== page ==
A Visit with the Madison Avenue Sports Car Driving and Chowder Society

by

11/18/2008

Sardi’s, 234 W 44th St, 10036

Neighborhood: Midtown

Shortly after noon on October 7, a Harpo Marx horn was blown four times and the monthly Madison Avenue Sports Car Driving and Chowder Society meeting came to order.

Founded in 1957 by CBS Radio executive Art Peck and advertising executive King Moore to generate media for car enthusiasts, the Society meets monthly to talk auto shop. Original members included Walter Cronkite and Vince Sardi Jr. whose family restaurant still serves as home to the “Chowderheads.”

Outside Sardi’s, nestled behind velvet ropes, sat two Reeves Callaway C16 Corvettes retrofitted with a 650bhp supercharged 6.2 l V8, a top speed of 206 mph, and a 0-60 time of 3.2 seconds. A handler continually wiped down the Uber-Vettes with a dry rag as passersby snapped cell phone pics, asked questions about the cost (starting somewhere around $175,000) and offered critiques such as, “Yo, I heard driving that thing is as good as sex.”

Inside Sardi’s, wine flowed and car talk followed. A natty member enviously shared the details of his teenage neighbor who pimped his Prius with racing flames and 22-inch wheels. The average age of club members seems to be in the mid-60s, but it’s a youthful group, if car-print novelty ties are an indicator. Top Chowderhead Bruce Wennerstrom brought the room to life by acknowledging the fiscal wreckage a few miles down the road. “What’s the difference between a pigeon and a hedge fund manager?” “A pigeon can still make a deposit on a Ferrari.”

Bruce and wife Genia founded and run the Greenwich Concours d’Elegance, Connecticut’s premiere showcase for classic and collectible automobiles. They became co-directors of the Society in 1996 and are actively recruiting younger members to keep the club alive. In attendance was relative newcomer Bradley Farrell, a heavily inked Ferrari nut who used to own the High Rollers Tattoo parlor on Long Island and was now deep in negotiations to sell eCirkit, a “web-top” social networking company he’d started, to a Spanish tech outfit.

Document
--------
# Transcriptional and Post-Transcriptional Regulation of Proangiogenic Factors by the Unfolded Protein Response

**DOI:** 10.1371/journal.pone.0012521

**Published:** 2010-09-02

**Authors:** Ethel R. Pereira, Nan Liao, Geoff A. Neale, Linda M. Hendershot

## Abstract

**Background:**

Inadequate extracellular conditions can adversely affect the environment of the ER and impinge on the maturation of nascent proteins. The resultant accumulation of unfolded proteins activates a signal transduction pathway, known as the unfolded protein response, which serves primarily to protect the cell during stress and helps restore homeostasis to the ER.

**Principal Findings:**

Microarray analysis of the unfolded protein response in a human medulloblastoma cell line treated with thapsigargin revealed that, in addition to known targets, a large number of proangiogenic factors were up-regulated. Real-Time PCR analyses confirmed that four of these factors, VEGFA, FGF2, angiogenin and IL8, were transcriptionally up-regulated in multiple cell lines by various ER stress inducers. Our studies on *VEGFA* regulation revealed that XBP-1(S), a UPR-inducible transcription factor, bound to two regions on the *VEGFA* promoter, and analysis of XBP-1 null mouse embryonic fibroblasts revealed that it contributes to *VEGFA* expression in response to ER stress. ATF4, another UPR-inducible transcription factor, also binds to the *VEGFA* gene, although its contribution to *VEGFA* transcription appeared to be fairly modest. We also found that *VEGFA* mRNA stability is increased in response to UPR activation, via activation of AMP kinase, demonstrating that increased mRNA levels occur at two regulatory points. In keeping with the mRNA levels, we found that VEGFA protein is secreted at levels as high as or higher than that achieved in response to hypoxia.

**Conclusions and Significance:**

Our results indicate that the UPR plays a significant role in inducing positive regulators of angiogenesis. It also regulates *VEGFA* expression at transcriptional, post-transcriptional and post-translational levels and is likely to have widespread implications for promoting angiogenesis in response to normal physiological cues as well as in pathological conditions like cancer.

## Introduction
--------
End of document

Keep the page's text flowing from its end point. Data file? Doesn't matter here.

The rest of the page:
After Wennerstrom told the saga of his failures as pit crew chief in his grandson’s soapbox derby race, legendary racecar driver John Fitch spoke. Fitch, 91, wistfully shared a few words on the state of car crashes gone by, hedged on whether he’d try once more to break the Bonneville Salt Flat class record in a 1955 Mercedes-Benz as he had in 2005, and roused the club to support his ongoing battle with the Nutmeg State over some underground fuel tanks he’d installed in his home long ago. “A fund has been set up to help John in his fight,” said Wennerstrom.

The last speaker was guest-of-honor Reeves Callaway. He took the club through his early days building engines in his Old Lyme garage through the California factory that produces the C16. Callaway wouldn’t give any details on the C17, but he assured the Society that they will be amazed how “today’s troubles” will be alleviated by the technology coming in electric cars. He proudly noted that the models grabbing attention on 44th St. get 31 mpg at 70mph.

Wennerstrom wrapped it up with an invitation to a weekend open house at Callaway’s original Connecticut plant, and the promise of a day letting it fly at the Monticello Motor Coach track. The meeting adjourned at 2:15.

Although chowder was not officially on the menu, the Fall Vegetable Cream Soup appetizer was a club favorite.

 

Raised in Billings, Montana, Patrick Sauer now lives in Greenwich Village. A senior editor at www.TheDailyTube.com and a contributing editor at Inc., Sauer has also written for Fast Company, City, Details, Desert Living, Success, Essence, Time Out New York, Mr. Beller’s Neighborhood and Smith. He is the author of Court TV Presents: You Be the Judge and the Complete Idiot’s Guide to the American Presidents.